Tuesday, December 27, 2016

Is memory enhancement right around the corner?

By Ryan Purcell

“Everyone has had the experience of struggling to remember long lists of items or complicated directions to get somewhere,” Dr. Justin Sanchez of DARPA said in a recent press release. “Today we are discovering how implantable neurotechnologies can facilitate the brain’s performance of these functions.” The US Department of Defense is interested in how the brain forms memories because hundreds of thousands of soldiers – or “warfighters” as they are now called – have suffered from traumatic brain injury (TBI) and some have severe memory problems. Beyond the military, TBI is a major public health concern that affects millions of Americans as patients and caregivers and is incredibly expensive. A breakthrough treatment is needed and for that, ambitious research is required.

But does this research agenda end at treating disease, or could these findings also be applied to memory enhancement goals?

Tuesday, December 13, 2016

Meet Tomorrow’s World: A Meeting on the Ethics of Emerging Technologies

By Marcello Ienca

Marcello Ienca, M.Sc., M.A., is a PhD candidate and research assistant at the Institute for Biomedical Ethics, University of Basel, Switzerland. His current projects include the assessment of intelligent assistive technologies for people with dementia and other neurocognitive disabilities, the regulation of pervasive neurotechnology, and the neurosecurity of human-machine interfaces. He is the chair of the Student/Postdoc Committee of the International Neuroethics Society and the current coordinator of the Swiss Network for Neuroscience, Ethics and Law.

Technology is rapidly reshaping the world we live in. In the past few decades, mankind has not significantly changed biologically, but human societies have undergone continuous and unprecedented developments through technological innovation. Today, most human activities—from messaging to geolocation, from financial transactions to medical therapies— are computer-mediated. In the next decades, the quantity and variety of activities mediated by digital technology is bound to increase exponentially. In parallel, with advancements in artificial intelligence (AI), robotics and microcomputing, the friction between man and machine is set to vanish and the boundaries at the human-machine interface are bound to blur. In an attempt to anticipate our technological futures as well as their impact on our societies and our systems of values, the International Neuroethics Society (jointly with the Temporal Dynamics of Learning Center, the Science Collaboratory of the University of California, San Diego, and the National Science Foundation) sponsored a public event on the Ethics of Emerging Technologies as part of the 2016 annual INS meeting in San Diego, California. The event was organized by INS President Judy Illes, INS Executive Director Karen Graham, Dr. Rachel Wurzman of the INS Public Session Program Committee and Prof. Andrea Chiba, Dr. Roger Bingham and Prof. Deborah Forster of UCSD. A panel of international experts in various areas of science and ethics gathered in San Diego on November 9 to discuss various critical issues emerging at the human-machine interface with possible disruptive implications for ethics and society. The first perspective was provided by Dr. William D. Casebeer, career intelligence analyst and Lieutenant Colonel in the US Air Force. His short talk proposed an interesting analogy between pervasive technology and the art of storytelling to show how technology could be actually used, in the near future, to raise empathy, deliver personalized experiences and facilitate human interaction.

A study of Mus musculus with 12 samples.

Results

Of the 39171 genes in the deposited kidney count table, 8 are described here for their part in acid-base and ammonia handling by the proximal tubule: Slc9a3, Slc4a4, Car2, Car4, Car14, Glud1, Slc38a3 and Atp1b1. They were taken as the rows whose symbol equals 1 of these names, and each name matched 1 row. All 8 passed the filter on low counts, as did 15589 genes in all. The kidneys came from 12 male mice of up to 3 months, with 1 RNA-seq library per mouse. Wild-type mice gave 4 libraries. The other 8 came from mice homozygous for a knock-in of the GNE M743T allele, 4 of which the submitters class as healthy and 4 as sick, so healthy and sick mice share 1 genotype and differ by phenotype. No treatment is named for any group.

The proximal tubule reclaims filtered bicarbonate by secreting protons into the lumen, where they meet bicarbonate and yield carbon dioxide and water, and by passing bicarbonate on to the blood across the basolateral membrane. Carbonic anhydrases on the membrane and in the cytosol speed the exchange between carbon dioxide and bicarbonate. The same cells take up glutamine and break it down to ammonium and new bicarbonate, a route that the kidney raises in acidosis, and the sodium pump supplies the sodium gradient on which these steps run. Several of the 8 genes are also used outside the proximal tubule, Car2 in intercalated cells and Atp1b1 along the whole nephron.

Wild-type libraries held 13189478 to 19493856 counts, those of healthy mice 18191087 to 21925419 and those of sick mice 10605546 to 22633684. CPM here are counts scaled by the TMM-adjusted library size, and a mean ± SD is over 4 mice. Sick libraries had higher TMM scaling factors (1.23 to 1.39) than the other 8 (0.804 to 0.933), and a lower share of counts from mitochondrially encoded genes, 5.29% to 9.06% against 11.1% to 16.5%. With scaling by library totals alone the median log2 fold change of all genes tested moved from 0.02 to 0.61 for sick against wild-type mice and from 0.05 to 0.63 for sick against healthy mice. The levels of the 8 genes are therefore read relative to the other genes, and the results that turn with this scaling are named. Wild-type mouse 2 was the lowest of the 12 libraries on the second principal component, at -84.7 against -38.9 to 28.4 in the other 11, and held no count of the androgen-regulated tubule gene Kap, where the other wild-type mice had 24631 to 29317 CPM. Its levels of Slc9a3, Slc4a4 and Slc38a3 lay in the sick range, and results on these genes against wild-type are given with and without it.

Tuesday, December 6, 2016

“Inflammation might be causing depression”: Stigma of mental illness, reductionism, and (mis-)representations of science

by Katie Givens Kime

Image courtesy of Flickr
Is depression a Kind of Allergic Reaction?” Provocative headlines like these appear throughout popular media. Besides misrepresenting scientific findings, such journalistic coverage impacts perceptions of mental illness, as well as expectations of those seeking treatment. In last month’s Neuroethics in the News talk, Dr. Jennifer Felger, from Emory’s Department of Psychiatry and Behavioral Sciences, shared her experiences and insights on the translation (and mistranslation) of research by journalists. In relating the story of her own interactions with the media, Felger emphasized the complex and varying transactional relationships between journalists and scientists. The impact of such coverage carries notable neuroethical dimensions, potentially affecting the capacity for agency and/or aspects of a sense of self for a person experiencing mental illness.